Are you boring?
Heck no! You know you’re interesting—you’ve got cool hobbies, adventurous friends, and an awesome job. Then again, that’s exactly what a boring person would say.
The best way to tell if you’re boring is to look closely at your habits. Oh, and try to keep an open mind; nobody likes to admit that they’re dull, but admitting it is the first step.
You might be boring if:
1. Most of your conversations consist of small talk.
Occasionally talking about the weather or the local sports team won’t offend anyone; that’s the purpose of small talk, after all. However, refrain from engaging in small talk when you’re out with friends or family. There’s nothing particularly interesting about the weather, in most instances, and by bringing it up, you’re simply showing that you’ve got nothing interesting to say.
2. You’re not really passionate about anything.
Anything can be interesting, provided that someone’s interested in it. Whether you’re excited about sports, books, movies, or something as wildly specific as airplane adhesives, be passionate about something.
Of course, you’ll want to avoid diving into complex subjects during casual conversation. Practice explaining your hobbies to other people in a basic way; show them why you’re interested in the subject, rather than droning on about minute details.
3. You love to talk about yourself—but you don’t like to listen.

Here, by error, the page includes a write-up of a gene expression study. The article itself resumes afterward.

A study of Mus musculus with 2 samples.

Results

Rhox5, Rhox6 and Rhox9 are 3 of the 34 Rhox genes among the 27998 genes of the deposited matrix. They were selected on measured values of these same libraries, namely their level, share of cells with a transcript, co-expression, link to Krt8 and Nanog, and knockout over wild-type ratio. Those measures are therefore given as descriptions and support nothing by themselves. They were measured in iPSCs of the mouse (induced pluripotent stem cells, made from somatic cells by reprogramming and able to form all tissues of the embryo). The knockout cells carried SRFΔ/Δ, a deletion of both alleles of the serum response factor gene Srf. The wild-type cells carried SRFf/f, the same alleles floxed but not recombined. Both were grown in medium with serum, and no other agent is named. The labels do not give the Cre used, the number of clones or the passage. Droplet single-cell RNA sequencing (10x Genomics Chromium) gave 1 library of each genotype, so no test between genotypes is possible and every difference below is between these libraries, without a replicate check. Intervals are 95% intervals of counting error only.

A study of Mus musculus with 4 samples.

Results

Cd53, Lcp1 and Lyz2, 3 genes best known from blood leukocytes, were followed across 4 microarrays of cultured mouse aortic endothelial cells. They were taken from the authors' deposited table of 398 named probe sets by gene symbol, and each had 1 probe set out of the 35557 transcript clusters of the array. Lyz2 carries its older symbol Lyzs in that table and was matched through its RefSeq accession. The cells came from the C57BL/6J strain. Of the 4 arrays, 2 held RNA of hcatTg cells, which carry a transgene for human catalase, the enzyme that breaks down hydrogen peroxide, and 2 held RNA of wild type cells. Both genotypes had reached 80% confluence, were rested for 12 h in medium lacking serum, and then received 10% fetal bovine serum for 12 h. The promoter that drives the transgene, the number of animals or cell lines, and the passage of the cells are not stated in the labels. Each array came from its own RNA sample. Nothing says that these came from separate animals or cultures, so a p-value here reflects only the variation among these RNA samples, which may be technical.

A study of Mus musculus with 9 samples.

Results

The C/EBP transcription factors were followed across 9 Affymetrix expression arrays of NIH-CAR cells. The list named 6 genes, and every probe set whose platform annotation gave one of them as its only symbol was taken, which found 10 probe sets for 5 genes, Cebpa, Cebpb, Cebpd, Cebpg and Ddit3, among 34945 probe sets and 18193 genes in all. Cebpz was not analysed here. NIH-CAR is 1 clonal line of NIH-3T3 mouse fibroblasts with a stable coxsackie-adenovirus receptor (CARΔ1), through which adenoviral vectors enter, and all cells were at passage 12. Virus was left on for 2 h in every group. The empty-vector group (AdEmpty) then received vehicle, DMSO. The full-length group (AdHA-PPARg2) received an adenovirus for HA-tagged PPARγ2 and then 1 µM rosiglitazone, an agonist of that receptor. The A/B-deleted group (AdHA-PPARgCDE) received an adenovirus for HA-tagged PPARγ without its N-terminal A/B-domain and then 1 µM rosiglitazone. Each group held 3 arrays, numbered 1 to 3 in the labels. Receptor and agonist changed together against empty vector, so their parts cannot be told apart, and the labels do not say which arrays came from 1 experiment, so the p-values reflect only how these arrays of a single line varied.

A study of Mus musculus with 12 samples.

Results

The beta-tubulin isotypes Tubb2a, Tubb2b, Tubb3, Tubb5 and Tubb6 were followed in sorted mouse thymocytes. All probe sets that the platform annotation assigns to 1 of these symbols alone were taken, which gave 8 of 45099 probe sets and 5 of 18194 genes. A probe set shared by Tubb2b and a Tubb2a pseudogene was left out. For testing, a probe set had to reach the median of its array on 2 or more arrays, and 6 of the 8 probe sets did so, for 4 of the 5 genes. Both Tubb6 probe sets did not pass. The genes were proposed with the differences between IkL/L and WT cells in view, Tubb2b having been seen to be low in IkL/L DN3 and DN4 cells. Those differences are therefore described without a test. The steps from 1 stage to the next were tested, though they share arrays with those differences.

Nobody likes to hear someone drone on and on about themselves. You could meet the most interesting woman in the world, but if all she did was talk about herself, you’d likely come away from the discussion disappointed.
You should feel confident enough to let the other person control the conversation for a while. After all, listening is half the battle.
4. You frequently stick to one or two-word answers.
If you’re anxious, you might stick to “yes” or “no” responses in conversation. That puts the other person on the hook since they’ll feel like they need to fill in the silence.
By all means, be a good listener, but be willing to contribute to the discussion when it’s your turn to speak.
5. You’re not a big fan of variety.
If you do the same things every day, what are you going to talk about when someone asks you what you’ve been up to?
That doesn’t mean that you need to take salsa dancing lessons on Wednesday, go rock climbing on Thursday, and attend the opera on Friday night. There’s nothing wrong with spending the night at home, but make sure that you’re making an effort to experience new things.
6. You don’t have strong opinions.
Granted, you don’t always have to express those opinions—nobody wants to hear about your political theories when you’re at lunch with co-workers—but if you’re never interested in having a thoughtful discussion about an argumentative subject, you might not be such an interesting conversationalist.
Of course, you don’t want to go too far in the other direction; don’t argue every point, and be sure to listen to the other side of the argument.
But don’t be afraid to occasionally jump into the fray, either. After all, a little bit of conflict can make life much more interesting—and less boring.